People with cancer, and those who care for them, often suffer from psychological stress which may be reduced by effective communication and support from their attending doctor, nurse or other healthcare professional (HCP). Research suggests communication skills do not reliably improve with experience, therefore, considerable effort is dedicated to courses to improve communication skills for HCPs involved in cancer care. Many different types of communication skills training (CST) courses have been proposed and are in practice. We conducted this review to determine whether CST works and which types of CST, if any, are the most effective.
We found 15 studies to include in this review. All of these studies except one were conducted in nurses and doctors. To measure the impact of CST, some studies used encounters with real patients and some used role-players (simulated patients). We found that CST significantly improved some of the communication skills used by healthcare workers, including using 'open questions' in the interview to gather information and showing empathy as a way of supporting their patients. Other communication skills evaluated showed no significant differences between the HCPs who received the training and those who did not. We did not find evidence to suggest any benefits of CST to patients' mental and physical health, patient satisfaction levels or quality of life, however, few studies addressed these outcomes. Furthermore, it is not clear whether the improvement in HCP communication skills is sustained over time and which types of CST are best.
Various CST courses appear to be effective in improving some types of HCP communication skills related to information gathering and supportive skills. We were unable to determine whether the effects of CST are sustained over time, whether consolidation sessions are necessary, and which types of CST programs are most likely to work. We found no evidence to support a beneficial effect of CST on HCP 'burnout', patients' mental or physical health, and patient satisfaction.
This is an updated version of a review that was originally published in the Cochrane Database of Systematic Reviews in 2004, Issue 2. People with cancer, their families and carers have a high prevalence of psychological stress which may be minimised by effective communication and support from their attending healthcare professionals (HCPs). Research suggests communication skills do not reliably improve with experience, therefore, considerable effort is dedicated to courses that may improve communication skills for HCPs involved in cancer care. A variety of communication skills training (CST) courses have been proposed and are in practice. We conducted this review to determine whether CST works and which types of CST, if any, are the most effective.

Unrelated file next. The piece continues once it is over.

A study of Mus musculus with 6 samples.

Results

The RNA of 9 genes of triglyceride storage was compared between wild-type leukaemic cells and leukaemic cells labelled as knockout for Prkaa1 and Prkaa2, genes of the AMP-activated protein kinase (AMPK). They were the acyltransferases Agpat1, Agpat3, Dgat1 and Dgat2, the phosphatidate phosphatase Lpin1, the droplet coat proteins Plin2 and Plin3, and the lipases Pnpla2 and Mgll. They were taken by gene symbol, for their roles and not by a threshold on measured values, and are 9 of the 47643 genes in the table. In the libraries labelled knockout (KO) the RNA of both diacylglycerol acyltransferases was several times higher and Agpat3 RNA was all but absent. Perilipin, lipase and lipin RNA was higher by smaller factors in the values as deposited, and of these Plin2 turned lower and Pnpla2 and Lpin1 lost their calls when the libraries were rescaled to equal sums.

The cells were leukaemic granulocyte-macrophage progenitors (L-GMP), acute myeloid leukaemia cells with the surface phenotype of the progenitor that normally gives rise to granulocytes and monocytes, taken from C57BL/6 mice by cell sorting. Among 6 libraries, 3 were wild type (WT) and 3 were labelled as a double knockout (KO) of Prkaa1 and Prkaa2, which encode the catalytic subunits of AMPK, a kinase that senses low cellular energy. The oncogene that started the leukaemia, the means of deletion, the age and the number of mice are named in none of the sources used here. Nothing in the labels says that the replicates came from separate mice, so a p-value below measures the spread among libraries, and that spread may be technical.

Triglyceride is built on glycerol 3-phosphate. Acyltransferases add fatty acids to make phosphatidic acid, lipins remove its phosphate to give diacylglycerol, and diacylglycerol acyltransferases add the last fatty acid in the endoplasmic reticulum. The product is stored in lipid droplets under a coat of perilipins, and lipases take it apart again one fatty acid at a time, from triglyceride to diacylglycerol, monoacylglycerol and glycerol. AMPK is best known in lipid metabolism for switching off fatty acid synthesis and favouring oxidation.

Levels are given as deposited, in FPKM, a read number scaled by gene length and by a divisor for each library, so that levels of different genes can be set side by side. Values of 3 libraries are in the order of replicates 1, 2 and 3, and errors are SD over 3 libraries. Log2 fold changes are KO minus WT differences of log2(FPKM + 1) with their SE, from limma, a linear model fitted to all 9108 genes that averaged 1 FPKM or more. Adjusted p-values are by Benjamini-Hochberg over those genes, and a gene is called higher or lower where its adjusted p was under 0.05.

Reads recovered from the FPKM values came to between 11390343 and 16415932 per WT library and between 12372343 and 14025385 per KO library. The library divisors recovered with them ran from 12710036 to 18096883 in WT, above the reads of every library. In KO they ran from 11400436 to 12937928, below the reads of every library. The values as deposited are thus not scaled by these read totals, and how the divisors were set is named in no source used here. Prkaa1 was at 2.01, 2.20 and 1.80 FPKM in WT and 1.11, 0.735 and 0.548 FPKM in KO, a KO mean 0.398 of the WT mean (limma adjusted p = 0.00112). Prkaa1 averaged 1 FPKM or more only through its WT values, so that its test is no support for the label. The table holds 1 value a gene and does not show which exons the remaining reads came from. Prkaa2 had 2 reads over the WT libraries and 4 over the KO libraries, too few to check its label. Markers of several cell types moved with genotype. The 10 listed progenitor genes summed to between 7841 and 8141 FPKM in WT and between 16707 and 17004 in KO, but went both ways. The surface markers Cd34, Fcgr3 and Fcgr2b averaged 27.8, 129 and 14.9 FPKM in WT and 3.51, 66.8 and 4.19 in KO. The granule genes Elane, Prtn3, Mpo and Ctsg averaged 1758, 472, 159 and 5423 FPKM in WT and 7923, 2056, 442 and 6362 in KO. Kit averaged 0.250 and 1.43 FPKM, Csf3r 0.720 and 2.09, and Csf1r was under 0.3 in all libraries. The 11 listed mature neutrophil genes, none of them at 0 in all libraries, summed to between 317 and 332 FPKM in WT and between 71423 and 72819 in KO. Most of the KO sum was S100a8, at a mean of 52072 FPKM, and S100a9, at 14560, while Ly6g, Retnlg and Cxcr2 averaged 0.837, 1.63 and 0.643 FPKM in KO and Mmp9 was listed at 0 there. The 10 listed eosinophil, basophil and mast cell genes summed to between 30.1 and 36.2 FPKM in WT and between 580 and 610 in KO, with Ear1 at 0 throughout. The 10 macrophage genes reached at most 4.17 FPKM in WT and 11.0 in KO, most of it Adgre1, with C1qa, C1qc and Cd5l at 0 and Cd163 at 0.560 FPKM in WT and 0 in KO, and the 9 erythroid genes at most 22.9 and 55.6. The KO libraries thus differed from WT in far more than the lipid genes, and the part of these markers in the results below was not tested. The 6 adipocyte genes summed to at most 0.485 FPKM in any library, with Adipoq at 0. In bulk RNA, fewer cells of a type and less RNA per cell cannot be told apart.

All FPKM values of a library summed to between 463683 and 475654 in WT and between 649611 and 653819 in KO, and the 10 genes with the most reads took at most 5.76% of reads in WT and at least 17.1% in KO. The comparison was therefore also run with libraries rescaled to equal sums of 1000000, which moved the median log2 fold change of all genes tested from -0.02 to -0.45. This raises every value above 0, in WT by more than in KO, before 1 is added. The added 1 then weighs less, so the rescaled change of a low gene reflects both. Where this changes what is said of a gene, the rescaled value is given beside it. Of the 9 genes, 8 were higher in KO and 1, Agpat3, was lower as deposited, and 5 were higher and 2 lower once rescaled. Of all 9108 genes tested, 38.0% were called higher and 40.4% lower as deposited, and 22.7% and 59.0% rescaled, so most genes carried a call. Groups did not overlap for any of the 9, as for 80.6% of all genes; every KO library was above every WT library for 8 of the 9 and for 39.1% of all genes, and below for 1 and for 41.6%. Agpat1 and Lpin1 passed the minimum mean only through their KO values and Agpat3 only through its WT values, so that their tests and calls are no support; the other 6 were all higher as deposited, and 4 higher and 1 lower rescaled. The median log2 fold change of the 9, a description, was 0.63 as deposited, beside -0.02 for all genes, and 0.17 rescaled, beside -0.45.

To assess whether CST is effective in improving the communication skills of HCPs involved in cancer care, and in improving patient health status and satisfaction.
We searched the following electronic databases: Cochrane Central Register of Controlled Trials (CENTRAL) Issue 2, 2012, MEDLINE, EMBASE, PsycInfo and CINAHL to February 2012. The original search was conducted in November 2001. In addition, we handsearched the reference lists of relevant articles and relevant conference proceedings for additional studies.
The original review was a narrative review that included randomised controlled trials (RCTs) and controlled before-and-after studies. In this updated version, we limited our criteria to RCTs evaluating 'CST' compared with 'no CST' or other CST in HCPs working in cancer care. Primary outcomes were changes in HCP communication skills measured in interactions with real and/or simulated patients with cancer, using objective scales. We excluded studies whose focus was communication skills in encounters related to informed consent for research.
Two review authors independently assessed trials and extracted data to a pre-designed data collection form. We pooled data using the random-effects model and, for continuous data, we used standardised mean differences (SMDs).
We included 15 RCTs (42 records), conducted mainly in outpatient settings. Eleven studies compared CST with no CST intervention, three studies compared the effect of a follow-up CST intervention after initial CST training, and one study compared two types of CST. The types of CST courses evaluated in these trials were diverse. Study participants included oncologists (six studies), residents (one study) other doctors (one study), nurses (six studies) and a mixed team of HCPs (one study). Overall, 1147 HCPs participated (536 doctors, 522 nurses and 80 mixed HCPs).
Ten studies contributed data to the meta-analyses. HCPs in the CST group were statistically significantly more likely to use open questions in the post-intervention interviews than the control group (five studies, 679 participant interviews; P = 0.04, I² = 65%) and more likely to show empathy towards patients (six studies, 727 participant interviews; P = 0.004, I² = 0%); we considered this evidence to be of moderate and high quality, respectively. Doctors and nurses did not perform statistically significantly differently for any HCP outcomes.There were no statistically significant differences in the other HCP communication skills except for the subgroup of participant interviews with simulated patients, where the intervention group was significantly less likely to present 'facts only' compared with the control group (four studies, 344 participant interviews; P = 0.01, I² = 70%).
There were no significant differences between the groups with regard to outcomes assessing HCP 'burnout', patient satisfaction or patient perception of the HCPs communication skills. Patients in the control group experienced a greater reduction in mean anxiety scores in a meta-analyses of two studies (169 participant interviews; P = 0.02; I² = 8%); we considered this evidence to be of a very low quality.